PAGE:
The coronavirus pandemic has forced most of us to spend a lot more time at home than usual. With the closures of offices back in the Spring, Brits across the country have found themselves home working – many for the first time. Consequently, our latest data shows that for a big proportion of us, spending more time at home has meant spending time, effort and money on making home better.
Our data shows that more than 3 in 10 Brits (31%) have undertaken building work in their homes during the last five years, with new windows and doors, work to the roof or cladding being the most popular jobs, followed by outside landscaping coming in third place.
What kind of home renovations did you have done? (Multiple choice)
|Replacing windows or doors||44%|
|Work to the roof, cladding or property exterior||40%|
|Landscaping work outside||33%|
|Structural work to repair or replace old/damaged features||19%|
|Structural work to the layout of the house/rooms||16%|
|Single story extension||11%|
|Multi story extension||7%|
But with more people across the country taking on DIY projects and home improvements during lockdown, are homeowners considering the impact this may have on their insurance policies?
36% of people in our survey said they were still planning or considering building work in the next 12 months, but not all of them were planning to protect that potential investment with insurance. 27% said they wouldn’t inform their insurance company, and a further 35% said it would depend on the work they were having done.
So, have homeowners become lax in keeping on top of their cover? Or are they just confident that their plans for renovation won’t impact on their policy?
83% of people who had work done in the past five years admitted they just didn’t know it was a requirement to talk to their insurance company about it at all. Yet of those respondents who are carrying out, or considering carrying out, home improvements in the next 12 months, 40% believe that there would be no direct implications should they decide not to inform their insurance company.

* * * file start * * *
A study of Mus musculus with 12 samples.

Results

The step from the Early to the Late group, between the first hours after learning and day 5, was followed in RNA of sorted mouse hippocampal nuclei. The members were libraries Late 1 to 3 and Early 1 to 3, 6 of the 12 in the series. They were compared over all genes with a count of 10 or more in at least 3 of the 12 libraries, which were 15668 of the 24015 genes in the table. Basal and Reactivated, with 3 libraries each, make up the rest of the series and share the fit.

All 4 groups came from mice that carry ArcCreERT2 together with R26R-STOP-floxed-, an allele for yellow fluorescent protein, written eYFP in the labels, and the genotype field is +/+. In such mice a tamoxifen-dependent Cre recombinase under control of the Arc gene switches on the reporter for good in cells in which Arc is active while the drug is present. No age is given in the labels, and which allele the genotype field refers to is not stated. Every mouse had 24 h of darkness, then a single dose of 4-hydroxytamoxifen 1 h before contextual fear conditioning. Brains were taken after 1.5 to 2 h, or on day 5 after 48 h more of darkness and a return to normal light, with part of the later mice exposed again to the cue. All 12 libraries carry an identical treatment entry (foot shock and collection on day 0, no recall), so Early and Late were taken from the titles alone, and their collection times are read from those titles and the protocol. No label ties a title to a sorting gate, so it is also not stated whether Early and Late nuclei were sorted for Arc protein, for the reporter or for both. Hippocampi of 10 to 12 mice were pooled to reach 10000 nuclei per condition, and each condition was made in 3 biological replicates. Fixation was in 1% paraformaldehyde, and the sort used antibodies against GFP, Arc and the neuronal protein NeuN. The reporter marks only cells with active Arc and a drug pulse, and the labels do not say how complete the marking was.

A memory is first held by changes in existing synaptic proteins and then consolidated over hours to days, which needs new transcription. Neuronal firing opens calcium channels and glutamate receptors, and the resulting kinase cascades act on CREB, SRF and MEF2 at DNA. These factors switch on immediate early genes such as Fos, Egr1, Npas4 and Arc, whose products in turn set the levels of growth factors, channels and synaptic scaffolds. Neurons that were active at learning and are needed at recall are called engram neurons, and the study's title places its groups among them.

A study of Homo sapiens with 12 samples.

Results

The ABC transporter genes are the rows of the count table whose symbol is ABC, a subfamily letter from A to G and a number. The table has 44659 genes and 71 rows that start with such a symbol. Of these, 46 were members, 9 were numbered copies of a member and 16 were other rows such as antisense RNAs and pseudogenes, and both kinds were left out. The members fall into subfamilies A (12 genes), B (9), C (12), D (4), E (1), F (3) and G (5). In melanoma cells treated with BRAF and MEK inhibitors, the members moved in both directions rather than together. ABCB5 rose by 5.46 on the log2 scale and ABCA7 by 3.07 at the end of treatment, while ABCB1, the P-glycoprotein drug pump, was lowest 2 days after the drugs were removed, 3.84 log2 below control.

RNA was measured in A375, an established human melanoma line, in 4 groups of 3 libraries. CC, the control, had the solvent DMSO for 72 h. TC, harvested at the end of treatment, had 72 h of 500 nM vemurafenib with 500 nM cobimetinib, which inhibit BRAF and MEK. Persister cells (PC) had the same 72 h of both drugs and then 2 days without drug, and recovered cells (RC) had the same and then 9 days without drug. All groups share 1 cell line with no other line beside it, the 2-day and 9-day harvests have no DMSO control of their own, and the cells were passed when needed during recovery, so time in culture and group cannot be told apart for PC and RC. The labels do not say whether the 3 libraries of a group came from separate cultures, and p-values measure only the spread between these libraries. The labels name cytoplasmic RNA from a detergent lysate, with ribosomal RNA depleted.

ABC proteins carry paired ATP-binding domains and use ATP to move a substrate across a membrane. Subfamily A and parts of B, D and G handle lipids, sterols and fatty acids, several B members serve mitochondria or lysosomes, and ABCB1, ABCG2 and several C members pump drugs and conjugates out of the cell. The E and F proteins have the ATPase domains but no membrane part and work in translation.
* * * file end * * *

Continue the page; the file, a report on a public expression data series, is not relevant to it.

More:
Ian Hughes, CEO of Consumer Intelligence, says, “This data shows that the average policy holder may think they can get away with keeping their insurer in the dark, but the fact is that with any kind of DIY comes an increased risk. Whether that’s structural damage, escape of water, or something else altogether – there’s a higher chance of needing to make an insurance claim. If that’s the stage at which you discover your policy is void, then you may have a serious problem.”
While we’ve noted that home improvements across the country have continued despite the current climate of uncertainty, it’s important to remain cautious. Another of our latest surveys addressed 1,018 UK insurance policy holders, and we found that 11% have significant concerns about their own financial security, while a further 35% have concerns about the wider UK economy. At a time when people are feeling more financially vulnerable, the last thing they need is additional cost through an unexpected lapse in insurance cover.
Ian continued, “Your insurer may not do anything with the information you give them about your building work. In fact, our data shows that for 57% of people who had had work done, there was no impact on their policy. However, for the remainder, a different story. 20% were told they had to pay more to remain covered, and for 16% of customers, exclusions were put on their policy. A further 10% were referred elsewhere or to a specialist, and 9% were told that cover was no longer possible.
“When carrying out home improvements, policyholders are required to inform their insurer. Insurance brands need to educate their customers to allow them to take the necessary action to ensure they are covered throughout the period of the home improvement project. And now is the time to educate them, in line with the rise in DIY projects.
“Our homes are important to us. They’re usually our biggest investment – and they’re our sanctuary, too. It’s not worth the risk that the building work you’re doing to improve your home could actually void your insurance and put it at risk. That’s why it’s always worth getting in touch with your insurer to let them know about any work.
“It’s clear there’s a communications job here for insurers and brokers alike. It shouldn’t just be up to customers to make that first move – communication channels should be kept open during the lifetime of a policy from the insurer/broker side.
“Too often, brands only talk to customers at the point of sale or renewal, and that just won’t cut the mustard anymore. Staying in touch with consumers can help land key messages, educate them about their policies, keep insurance front of their mind, avoid future conflicts, and retain them longer term.”
With the increased focus on value, this is one place brands can clearly add it. Help your customers understand their cover, help them make their home a home, and help them protect it.